Dozens of fans and reporters (and a few thousand fans on his live-stream) came to watch him sketch a panoramic view of the Mexico City skyline. The audience watched, mouths agape, while Wiltshire, dressed in a hoodie and headphones, sketched hundreds of buildings.

He captured details like roundabouts, windows, and trees. It would be a true feat for any local, but that's what makes Wiltshire so impressive: He's not from Mexico City. Or even Mexico. He's from London, and he drew all this from memory.


Photo by Yuri Cortez/AFP/Getty Images.

Since childhood, Wiltshire has used art to communicate and interact with the world around him.

He was mute as a child and diagnosed with autism when he was 3 years old. In elementary school, he discovered drawing and found not only a passion for it, but also a real talent.

As a kid, Wiltshire sketched animals, city buses, and buildings with great delight. When he spoke for the first time, two of his earliest words were paper and pencil.

Wiltshire's teachers noticed how talented he was, so they encouraged his gift.

One helped him enter local art competitions. Soon, the press came to see then 7-year-old Wiltshire and his incredible talent. And before long, he was appearing on game shows and signing an art book deal. At 8, he sold his first piece and received a commission from the British prime minister. Impressive accomplishments for anyone, especially considering Wiltshire didn't fully speak until he was 9. But Wiltshire never let the sudden fame go to his head; he was just doing what he loved.  

"I enjoy it because it makes me feel happy and lots of people enjoy looking at my work," Wiltshire said in a press brief. "It makes them smile ... I feel very proud."

Wiltshire puts the finishing touches on a drawing of the nearly completed Shard site. Photo by Dan Kitwood/Getty Images.

Today, Wiltshire travels the world as a professional artist.

He's been called The Human Camera because after seeing an aerial view a city for an hour or less, he's able to complete a perfectly scaled panoramic illustration.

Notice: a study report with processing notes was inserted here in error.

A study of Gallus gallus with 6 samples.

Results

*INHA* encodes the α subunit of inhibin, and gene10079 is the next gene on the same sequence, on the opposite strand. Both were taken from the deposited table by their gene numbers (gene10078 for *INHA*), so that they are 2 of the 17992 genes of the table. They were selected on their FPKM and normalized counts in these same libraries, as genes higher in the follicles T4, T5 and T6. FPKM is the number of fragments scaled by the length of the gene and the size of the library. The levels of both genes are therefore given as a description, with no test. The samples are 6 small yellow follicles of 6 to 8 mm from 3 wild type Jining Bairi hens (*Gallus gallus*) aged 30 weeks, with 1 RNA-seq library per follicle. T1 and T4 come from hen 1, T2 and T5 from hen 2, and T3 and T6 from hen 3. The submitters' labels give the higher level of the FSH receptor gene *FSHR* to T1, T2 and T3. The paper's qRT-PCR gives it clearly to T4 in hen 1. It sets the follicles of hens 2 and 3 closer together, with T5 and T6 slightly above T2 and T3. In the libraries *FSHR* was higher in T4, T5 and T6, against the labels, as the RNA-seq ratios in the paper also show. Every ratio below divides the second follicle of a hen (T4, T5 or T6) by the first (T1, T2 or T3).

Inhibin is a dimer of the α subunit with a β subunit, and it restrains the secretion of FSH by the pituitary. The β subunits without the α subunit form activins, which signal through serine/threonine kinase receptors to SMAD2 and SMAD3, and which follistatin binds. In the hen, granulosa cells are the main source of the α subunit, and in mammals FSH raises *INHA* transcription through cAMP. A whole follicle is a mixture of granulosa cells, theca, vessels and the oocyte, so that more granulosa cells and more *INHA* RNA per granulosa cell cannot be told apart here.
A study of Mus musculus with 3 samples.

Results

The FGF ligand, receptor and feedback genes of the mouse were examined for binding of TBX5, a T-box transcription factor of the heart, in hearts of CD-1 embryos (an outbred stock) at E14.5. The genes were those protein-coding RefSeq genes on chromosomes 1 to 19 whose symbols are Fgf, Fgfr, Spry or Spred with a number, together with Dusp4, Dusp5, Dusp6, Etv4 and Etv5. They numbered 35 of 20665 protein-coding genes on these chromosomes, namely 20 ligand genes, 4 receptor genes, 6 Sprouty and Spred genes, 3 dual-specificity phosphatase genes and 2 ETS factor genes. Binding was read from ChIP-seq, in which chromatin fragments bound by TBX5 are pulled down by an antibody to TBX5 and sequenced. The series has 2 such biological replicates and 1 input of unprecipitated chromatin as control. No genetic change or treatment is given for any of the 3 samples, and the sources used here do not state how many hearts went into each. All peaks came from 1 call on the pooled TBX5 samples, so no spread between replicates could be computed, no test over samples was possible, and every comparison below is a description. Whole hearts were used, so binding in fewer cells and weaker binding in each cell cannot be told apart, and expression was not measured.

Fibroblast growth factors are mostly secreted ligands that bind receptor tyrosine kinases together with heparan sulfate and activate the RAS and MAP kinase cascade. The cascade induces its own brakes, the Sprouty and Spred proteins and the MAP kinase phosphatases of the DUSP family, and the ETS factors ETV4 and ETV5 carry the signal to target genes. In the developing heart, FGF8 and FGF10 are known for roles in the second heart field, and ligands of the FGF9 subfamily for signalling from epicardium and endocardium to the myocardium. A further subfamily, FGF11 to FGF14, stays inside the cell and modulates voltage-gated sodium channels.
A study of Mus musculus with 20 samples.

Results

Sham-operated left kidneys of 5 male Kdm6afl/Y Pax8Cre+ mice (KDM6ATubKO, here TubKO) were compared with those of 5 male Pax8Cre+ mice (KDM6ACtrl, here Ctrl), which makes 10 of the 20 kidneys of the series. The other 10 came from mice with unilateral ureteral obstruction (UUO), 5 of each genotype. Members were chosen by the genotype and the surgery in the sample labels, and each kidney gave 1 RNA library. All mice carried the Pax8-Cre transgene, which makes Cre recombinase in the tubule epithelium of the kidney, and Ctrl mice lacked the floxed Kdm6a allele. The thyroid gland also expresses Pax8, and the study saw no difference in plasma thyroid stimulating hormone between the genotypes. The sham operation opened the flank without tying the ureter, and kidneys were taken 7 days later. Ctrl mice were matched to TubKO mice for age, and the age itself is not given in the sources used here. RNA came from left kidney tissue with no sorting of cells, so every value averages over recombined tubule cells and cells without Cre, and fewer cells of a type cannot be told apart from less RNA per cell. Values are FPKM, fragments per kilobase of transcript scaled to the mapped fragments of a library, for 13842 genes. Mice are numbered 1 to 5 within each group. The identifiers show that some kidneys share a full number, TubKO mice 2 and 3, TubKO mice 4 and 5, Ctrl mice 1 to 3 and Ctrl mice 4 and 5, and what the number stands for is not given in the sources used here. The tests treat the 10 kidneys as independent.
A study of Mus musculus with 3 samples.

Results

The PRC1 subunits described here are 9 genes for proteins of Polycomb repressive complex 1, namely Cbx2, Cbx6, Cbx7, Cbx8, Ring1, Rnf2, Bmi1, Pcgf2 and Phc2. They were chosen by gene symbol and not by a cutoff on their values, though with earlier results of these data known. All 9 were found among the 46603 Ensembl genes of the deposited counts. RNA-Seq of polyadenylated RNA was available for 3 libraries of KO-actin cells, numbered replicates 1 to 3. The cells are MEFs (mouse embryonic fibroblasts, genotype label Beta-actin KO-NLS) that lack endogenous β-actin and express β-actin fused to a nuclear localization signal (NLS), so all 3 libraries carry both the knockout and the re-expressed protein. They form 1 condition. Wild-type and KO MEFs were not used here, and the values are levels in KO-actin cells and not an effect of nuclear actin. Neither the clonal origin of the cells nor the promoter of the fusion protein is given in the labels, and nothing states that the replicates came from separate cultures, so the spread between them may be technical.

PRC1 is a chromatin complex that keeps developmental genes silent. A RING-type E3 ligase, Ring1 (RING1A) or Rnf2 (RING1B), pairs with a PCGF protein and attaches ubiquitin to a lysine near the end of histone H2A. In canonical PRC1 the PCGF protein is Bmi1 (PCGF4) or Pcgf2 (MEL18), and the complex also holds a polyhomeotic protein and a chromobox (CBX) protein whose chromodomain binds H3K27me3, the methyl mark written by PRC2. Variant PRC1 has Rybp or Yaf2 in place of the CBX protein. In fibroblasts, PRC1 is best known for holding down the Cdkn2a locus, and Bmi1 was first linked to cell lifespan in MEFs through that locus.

"I can memorize any city I like, buildings or anything really," Wiltshire said in a press brief. "I can still remember buildings I saw when I was very young, like five or six years old."

Photo by Yuri Cortez/AFP/Getty Images.

He's been to Tokyo, Rome, Hong Kong, New York, Madrid, Houston, Singapore, and more to do live drawings.

For his achievement in art, the London native was named a Member of the Order of the British Empire by Queen Elizabeth II.

When he's not on the road, Wiltshire resides in London, where he opened his own permanent gallery.

"I feel proud of myself, lots of people come to visit my gallery from all over the world and buy my artwork, lots of school groups also come to visit," Wiltshire said in a press brief. "I come to my gallery twice a week and meet people and sign my autograph."

Photo by Lisa Maree Williams/Getty Images.

Wiltshire's work would be impressive with or without his autism diagnosis.

It's important to remember that his autism doesn't make his talent or finished sketches any more or less incredible. And it doesn't make him any more or less deserving of the accolades and honors he's received either.

But it does make him human, just like the rest of us.

Yes, Wiltshire has struggled to communicate, but his grit, talent, and passion (buoyed by a supportive family) got him where he is today. And that's something to cheer about, autism or not.

Photo by Yuri Cortez/AFP/Getty Images.

Co-sleeping isn't for everyone.

The marital bed is a symbol of the intimacy shared between people who’ve decided to be together 'til death they do part. When couples sleep together it’s an expression of their closeness and how they care for one another when they are most vulnerable.

However, for some couples, the marital bed can be a warzone. Throughout the night couples can endure snoring, sleep apnea, the ongoing battle for sheets or circadian rhythms that never seem to sync. If one person likes to fall asleep with the TV on while the other reads a book, it can be impossible to come to an agreement on a good-night routine.

Last week on TODAY, host Carson Daly reminded viewers that he and his wife Siri, a TODAY Food contributor, had a sleep divorce while she was pregnant with their fourth child.

“I was served my sleep-divorce papers a few years ago,” he explained on TODAY. “It’s the best thing that ever happened to us. We both, admittedly, slept better apart.”